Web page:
May issue 2017

By | Bookmark | Published 2 years ago

 

Chakiwara of Lyari, despite the energy of its polysyllabic name, does not figure highly on the recreational radar of Karachiites. It is the bastion of a few settler communities such as the Chippas, from which the humanitarian Ramzan Chippa, of the eponymous ambulance service, hails.

Chakiwara, though, has provided rich fodder for the late Urdu writer, Muhammad Khalid Akhtar’s (1920-2002), imagination. Akhtar was a trained engineer. His career brought him to Karachi and the city became his permanent home. His short stories and travelogues, marked by sharp observation, established his reputation as a writer. His book Chakiwara mein Wisaal [Tryst in Chakiwara] was published in 1964 in Pakistan.

Picador India published an English translation of his work in a handsome hardback last year titled Love in Chakiwara and Other Misadventures. It has been translated by Bilal Tanweer (the author of The Scatter Here is too Great), in fulfillment of the PEN Translation Fund Grant. Tanweer has delivered a brilliant translation that allows non-Urdu readers to enjoy the delights of this Urdu gem by entering into the microcosm of a quirky fictitious universe called Chakiwara.

The author’s preface states his two diverse inspirations for Chakiwara mein Wisaal, which are the town of Chakiwara, where he spent a couple of ‘bohemian’ years, and the writings of Robert Louis Stevenson. Akhtar’s attachment to Chakiwara is acknowledged even on his tombstone which bears the epigraph, ‘Dervish of Chakiwara.’ Despite these links to an actual inner city locality, the Chakiwara of Akhtar’s fiction represents a generic locale where the petit bourgeois are embroiled in the frustrations of daily life.

The book is an assemblage of loosely interconnected tales that are compiled in the form of two novellas. It features an eclectic bunch of characters, some of which have also featured in other anthologies of Akhtar’s short stories.

Our gateway into this microcosmic universe is through the diary notes, “a chronicle of sorts” of the primary character within the book, namely Mr. Iqbal Changezi, the proprietor of Allah Tawakkul Bakery. Iqbal Changezi has a self-effacing temperament and a generous nature. He can never refuse a small loan of money or clothing (never to be returned) to financially challenged friends such as Qurban Ali Kattar, who is a mild-mannered writer of sensational novels with titles like The Comforting Beauty.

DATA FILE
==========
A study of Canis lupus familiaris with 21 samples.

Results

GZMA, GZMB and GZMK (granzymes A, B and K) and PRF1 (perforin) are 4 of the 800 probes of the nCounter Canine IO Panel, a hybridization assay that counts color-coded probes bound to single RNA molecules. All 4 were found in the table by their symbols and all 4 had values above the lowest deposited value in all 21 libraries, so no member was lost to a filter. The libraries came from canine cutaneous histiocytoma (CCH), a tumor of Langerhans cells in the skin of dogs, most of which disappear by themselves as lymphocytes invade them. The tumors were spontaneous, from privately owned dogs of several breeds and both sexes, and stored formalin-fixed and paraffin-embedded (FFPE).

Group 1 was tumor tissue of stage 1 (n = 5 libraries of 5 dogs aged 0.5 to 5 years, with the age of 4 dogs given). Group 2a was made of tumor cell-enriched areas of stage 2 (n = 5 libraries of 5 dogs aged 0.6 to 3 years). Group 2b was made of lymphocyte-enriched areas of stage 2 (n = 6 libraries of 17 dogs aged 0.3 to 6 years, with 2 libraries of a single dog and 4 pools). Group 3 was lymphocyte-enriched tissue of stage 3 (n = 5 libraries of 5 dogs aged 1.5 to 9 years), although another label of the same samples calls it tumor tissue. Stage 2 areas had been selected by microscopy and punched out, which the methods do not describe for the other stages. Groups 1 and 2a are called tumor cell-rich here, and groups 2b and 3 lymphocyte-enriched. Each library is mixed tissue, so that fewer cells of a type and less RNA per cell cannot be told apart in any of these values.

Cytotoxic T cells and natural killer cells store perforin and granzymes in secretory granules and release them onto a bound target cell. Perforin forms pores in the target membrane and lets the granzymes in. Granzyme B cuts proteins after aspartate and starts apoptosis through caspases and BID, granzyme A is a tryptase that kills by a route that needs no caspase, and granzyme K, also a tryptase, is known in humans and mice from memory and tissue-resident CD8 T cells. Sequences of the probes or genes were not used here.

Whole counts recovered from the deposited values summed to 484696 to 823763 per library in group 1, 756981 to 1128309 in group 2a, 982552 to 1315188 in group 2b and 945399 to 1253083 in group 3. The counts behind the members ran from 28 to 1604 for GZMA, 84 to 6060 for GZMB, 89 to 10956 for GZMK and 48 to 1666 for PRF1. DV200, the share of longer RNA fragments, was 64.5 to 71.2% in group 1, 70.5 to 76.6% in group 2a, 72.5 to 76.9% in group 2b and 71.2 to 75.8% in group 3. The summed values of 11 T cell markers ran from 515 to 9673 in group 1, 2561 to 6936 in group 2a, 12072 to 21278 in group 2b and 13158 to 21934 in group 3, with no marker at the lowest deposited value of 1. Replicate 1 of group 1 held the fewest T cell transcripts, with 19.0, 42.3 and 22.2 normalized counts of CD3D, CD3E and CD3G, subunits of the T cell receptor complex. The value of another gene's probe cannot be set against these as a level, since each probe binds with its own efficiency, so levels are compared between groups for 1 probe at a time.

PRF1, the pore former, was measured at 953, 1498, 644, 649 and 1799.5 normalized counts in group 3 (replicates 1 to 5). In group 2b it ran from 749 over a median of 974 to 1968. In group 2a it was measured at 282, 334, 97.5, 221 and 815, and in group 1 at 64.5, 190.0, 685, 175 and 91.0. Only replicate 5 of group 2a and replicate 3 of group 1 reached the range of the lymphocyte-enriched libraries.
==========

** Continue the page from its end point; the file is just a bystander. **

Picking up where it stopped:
The quasi-reality of Chakiwara’s world is created by a variety of mini-portraits of individuals. There’s the highly inventive Dr. Ghareeb Muhammad, whose inventions include the love metre. Maulvi Abdul Samad alias Professor Shahsawar Khan claims to have access to jinns and introduces Faghfur the Jinn to the credulous denizens of Chakiwara. Then, there is the dubious Chakori, with his uncertain relationship to the Chinese dentist, Dr. Ah Fung.

The author introduces a few women in the stories but the narrative remains predominantly about men from a male-centric perspective.

By and large, Akhtar treats his characters with affection, free from moral judgement or sanctimony. His wry view of imperfect humanity is reflected in the peccadillos committed by the residents of Chakiwara. They are representative of certain universal types and are shown in twinned relationships to one another, such as the chronic lender to the perpetual borrower, the shyster to the gullible, and the healer to the sick. They are repetitive in their behaviour patterns and the pleasure of reading about them lies in predictability. Akhtar says: “It’s quite possible that they may not seem like real, full-blooded creatures to anyone, but I daresay there is a certain Wodehousian vitality to them.”

However, in contrast to Wodehouse’s focus on the foibles of the upper class elite, Akhtar’s focus is on the non-elite — on what postcolonial theory terms the ‘subaltern’ — even though Akhtar does not focus on class issues at all. Rather, he treats Chakiwara as a staging ground for exposing the aspirations of the seemingly ordinary people, who can simultaneously be dreamers and pragmatists.

Akhtar is essentially an ironist but his irony is diluted by humour, much like homeopathic medicine with its multiple dilutes. His voice is often detected in the slipstream of Iqbal Changezi’s diary notes, characterised by his signature irony in statements such as: “Chakiwara is a truly autonomous state where anyone can pass themselves off as anything.”

This tongue-in-cheek observation may hold true for the characters. But when Akhtar lets slip in descriptions of Chakiwara as a place, there is no mediation of unpleasant reality. The decay from urban neglect shows strongly in passages such as this: “A little further on from this intersection there is a little ‘garden’: a patch of dried grass with a few miserable and shrivelled mulberry trees inside a rectangular iron railing. This is the Hyde Park of Chakiwara.”

Love in Chakiwara and other misadventures, straddling the duality of the real world and the world of the author’s imagination, is a lovely contribution to the world of Urdu literature, not least because of its profoundly humanist ethos.